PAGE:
Aspiring pilot sees his insurance career take off

This insurance leader loved flying, but it was his insurance career that took him to far-away places

Aspiring pilot sees his insurance career take off

Insurance News

By Gabriel Olano

Mark Mitchell’s childhood dream was to become an air force pilot but, instead, it was his insurance career that took flight.

“In my childhood, I wanted to be an air force pilot but the entry level for this field during my cohort was very high,” Mitchell (pictured), chief executive officer of Allianz Global Corporate & Specialty (AGCS) Asia-Pacific, told Insurance Business.

This led to a chance career in insurance, when he happened upon a clerical job in the industry.

“When I left school, I wanted to travel but I needed to raise funds,” he said. “A clerical job in insurance was the first job that came along but I quickly realised that with hard work and application, the opportunities to advance and travel were many in our industry and before I ever had time to book my intended trip, a promotion came along and the rest is history!”

However, his love for flying presented him with a dilemma.

“Nevertheless, when I was about 21 years old, I obtained an unrestricted private pilot’s license, with the hope of converting it to a commercial pilot’s license and then working full time in the aviation industry,” he said. “But my insurance career was also taking off, so I ultimately decided to stay within the insurance industry, which I felt offered greater opportunities and faster career progression.”

Mitchell’s choice led to an insurance career spanning 32 years and counting, with the last 19 based in Asia. He worked for RSA, Chubb and NZI Insurance before joining AGCS in 2013 as CEO for Hong Kong and Greater China. In 2014, he was appointed to his current position as CEO of AGCS Asia and relocated back to Singapore.

According to Mitchell, one experience in his career that he will never forget is the aftermath of the 1999 Chi-Chi earthquake in Taiwan, when the insurance industry came together to assist survivors of the calamity.

“At that time I had just been appointed regional manager for property, machinery & marine at Chubb in Asia-Pacific,” he said. “We arrived in Taiwan about two days after the earthquake and immediately started the claim settlement process. A significant number of our clients were affected and despite ongoing aftershocks, we knew this was an opportunity to be on the ground supporting our customers to quickly get back into business. We were not the only insurer to do so and I think the insurance industry as a whole was able to demonstrate its value by making the claims process as quick and painless as possible for our customers in a time of need.”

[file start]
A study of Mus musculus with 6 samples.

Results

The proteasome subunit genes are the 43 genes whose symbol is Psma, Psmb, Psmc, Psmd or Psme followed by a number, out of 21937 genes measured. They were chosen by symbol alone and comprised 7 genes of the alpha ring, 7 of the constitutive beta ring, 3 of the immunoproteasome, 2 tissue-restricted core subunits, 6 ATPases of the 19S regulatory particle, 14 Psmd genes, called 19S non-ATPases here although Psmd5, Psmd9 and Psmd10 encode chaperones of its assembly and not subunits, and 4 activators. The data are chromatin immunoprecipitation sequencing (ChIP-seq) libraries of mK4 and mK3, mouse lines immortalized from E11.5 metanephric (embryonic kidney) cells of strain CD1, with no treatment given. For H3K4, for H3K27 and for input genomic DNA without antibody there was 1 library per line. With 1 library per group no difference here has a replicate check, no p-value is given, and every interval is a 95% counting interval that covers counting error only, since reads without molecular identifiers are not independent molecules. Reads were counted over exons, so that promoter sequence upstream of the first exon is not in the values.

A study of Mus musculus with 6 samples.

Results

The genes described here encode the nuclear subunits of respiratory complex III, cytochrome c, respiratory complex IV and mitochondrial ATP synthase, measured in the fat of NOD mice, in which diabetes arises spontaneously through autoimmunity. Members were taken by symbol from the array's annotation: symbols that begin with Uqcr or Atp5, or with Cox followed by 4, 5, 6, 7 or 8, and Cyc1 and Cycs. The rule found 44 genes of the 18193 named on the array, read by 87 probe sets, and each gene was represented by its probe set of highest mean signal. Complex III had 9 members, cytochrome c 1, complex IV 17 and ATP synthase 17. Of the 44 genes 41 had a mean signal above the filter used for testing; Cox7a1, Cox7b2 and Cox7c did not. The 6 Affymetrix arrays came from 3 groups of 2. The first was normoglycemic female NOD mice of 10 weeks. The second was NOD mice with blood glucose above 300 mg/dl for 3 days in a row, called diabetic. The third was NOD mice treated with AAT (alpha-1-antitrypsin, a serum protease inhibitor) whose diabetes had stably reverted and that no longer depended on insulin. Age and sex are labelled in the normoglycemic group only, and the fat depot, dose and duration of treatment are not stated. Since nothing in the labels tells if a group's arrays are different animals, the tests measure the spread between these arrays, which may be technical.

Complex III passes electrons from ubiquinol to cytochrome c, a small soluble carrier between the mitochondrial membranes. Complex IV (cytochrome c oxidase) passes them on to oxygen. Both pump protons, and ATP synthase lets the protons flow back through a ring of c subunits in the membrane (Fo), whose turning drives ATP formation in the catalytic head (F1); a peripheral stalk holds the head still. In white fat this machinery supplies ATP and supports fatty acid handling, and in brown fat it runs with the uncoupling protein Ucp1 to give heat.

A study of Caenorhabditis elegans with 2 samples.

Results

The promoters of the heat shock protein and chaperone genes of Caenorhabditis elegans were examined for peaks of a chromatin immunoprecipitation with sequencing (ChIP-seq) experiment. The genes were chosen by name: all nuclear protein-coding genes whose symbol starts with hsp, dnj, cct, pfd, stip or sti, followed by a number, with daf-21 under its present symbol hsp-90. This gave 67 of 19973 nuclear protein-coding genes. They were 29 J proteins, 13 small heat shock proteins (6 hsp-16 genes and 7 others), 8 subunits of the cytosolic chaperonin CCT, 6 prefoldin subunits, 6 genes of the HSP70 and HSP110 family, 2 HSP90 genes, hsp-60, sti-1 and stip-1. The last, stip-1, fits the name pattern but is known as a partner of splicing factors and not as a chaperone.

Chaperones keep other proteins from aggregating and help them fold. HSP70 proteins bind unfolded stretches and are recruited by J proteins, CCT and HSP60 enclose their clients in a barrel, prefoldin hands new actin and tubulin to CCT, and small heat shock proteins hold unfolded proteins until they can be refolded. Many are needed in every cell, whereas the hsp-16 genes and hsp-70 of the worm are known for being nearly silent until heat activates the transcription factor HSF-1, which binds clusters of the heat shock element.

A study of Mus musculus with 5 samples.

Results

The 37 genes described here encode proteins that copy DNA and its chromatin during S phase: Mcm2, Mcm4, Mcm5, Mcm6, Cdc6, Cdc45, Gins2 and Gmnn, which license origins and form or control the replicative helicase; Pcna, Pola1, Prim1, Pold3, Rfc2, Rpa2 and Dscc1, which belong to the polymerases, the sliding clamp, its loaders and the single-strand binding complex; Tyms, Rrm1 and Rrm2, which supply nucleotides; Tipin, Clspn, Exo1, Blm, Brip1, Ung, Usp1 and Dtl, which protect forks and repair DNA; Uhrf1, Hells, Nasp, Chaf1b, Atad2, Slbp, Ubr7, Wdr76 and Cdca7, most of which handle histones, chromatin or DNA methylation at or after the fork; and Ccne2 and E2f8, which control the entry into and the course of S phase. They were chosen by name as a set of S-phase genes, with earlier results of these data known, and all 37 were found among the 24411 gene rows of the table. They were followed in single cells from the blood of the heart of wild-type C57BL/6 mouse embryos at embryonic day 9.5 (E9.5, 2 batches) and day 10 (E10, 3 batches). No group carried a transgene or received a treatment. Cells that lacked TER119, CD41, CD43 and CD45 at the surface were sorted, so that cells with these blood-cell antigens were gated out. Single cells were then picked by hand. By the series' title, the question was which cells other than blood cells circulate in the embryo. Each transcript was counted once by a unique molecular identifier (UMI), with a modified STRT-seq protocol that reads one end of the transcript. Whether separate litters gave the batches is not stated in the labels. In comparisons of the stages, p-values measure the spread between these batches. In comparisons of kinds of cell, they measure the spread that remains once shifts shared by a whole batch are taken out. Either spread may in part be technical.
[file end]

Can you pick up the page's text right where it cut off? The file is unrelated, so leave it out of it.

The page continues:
As for the main challenge in his job as CEO, Mitchell believes that it’s the need to react quickly and effectively to changes, both inside and outside the organisation.

“Externally, the pace of development within the insurance industry has definitely increased over the years,” he said. “If we look at the Allianz Risk Barometer, some of the most important business risks in Asia-Pacific are market developments (#4), new technologies (#5) and changes in legislation and regulation (#6). Technology and innovation are now at the very heart of the industry. We have lots of new ‘disrupters’ and the insurance industry has to constantly innovate to remain competitive in the market.”

Aside from technological changes, he also mentioned regulatory changes, which can either interrupt existing revenue streams or create an opportunity to increase sales, depending on a company’s response.

“At AGCS, we are constantly scanning the regulatory horizon for opportunities to expand our product offering and/or geographic reach,” he said.

“As a CEO, you also have to react to changes internally. For example, from April this year, our Asia and Pacific regions have been integrated, so I now have a wider geographical remit. This move allows us to build upon our already comprehensive strategy and capitalise on the strengths of both regions.”

In his spare time, Mitchell enjoys visiting art exhibitions and auctions, as well as heading down to the track to watch horse races.

“My uncle was a successful horse trainer and, as a child, I had the opportunity to learn about the horse racing industry,” he said. “In fact, attending horse racing in Singapore and (previously) Hong Kong was a common interest I shared with many colleagues. So I can socialise and network with my friends, clients, and industry peers during these events.”

Finally, Mitchell advised insurance professionals to keep an open mind, just like he did when he chose the career he has been part of for over three decades.

“Whether your personal bias is sales, risk analysis, customer service or leading people, there is an opportunity to contribute in our industry and with an open mind and can-do attitude, you can build a very rewarding career,” he said. “For me personally, I have enjoyed the international nature of insurance, the camaraderie within the industry, spending time getting to know customers across a wide range of industries and the career progression that comes with having an entrepreneurial spirit and a willingness to take decisions and exercise your best judgment.”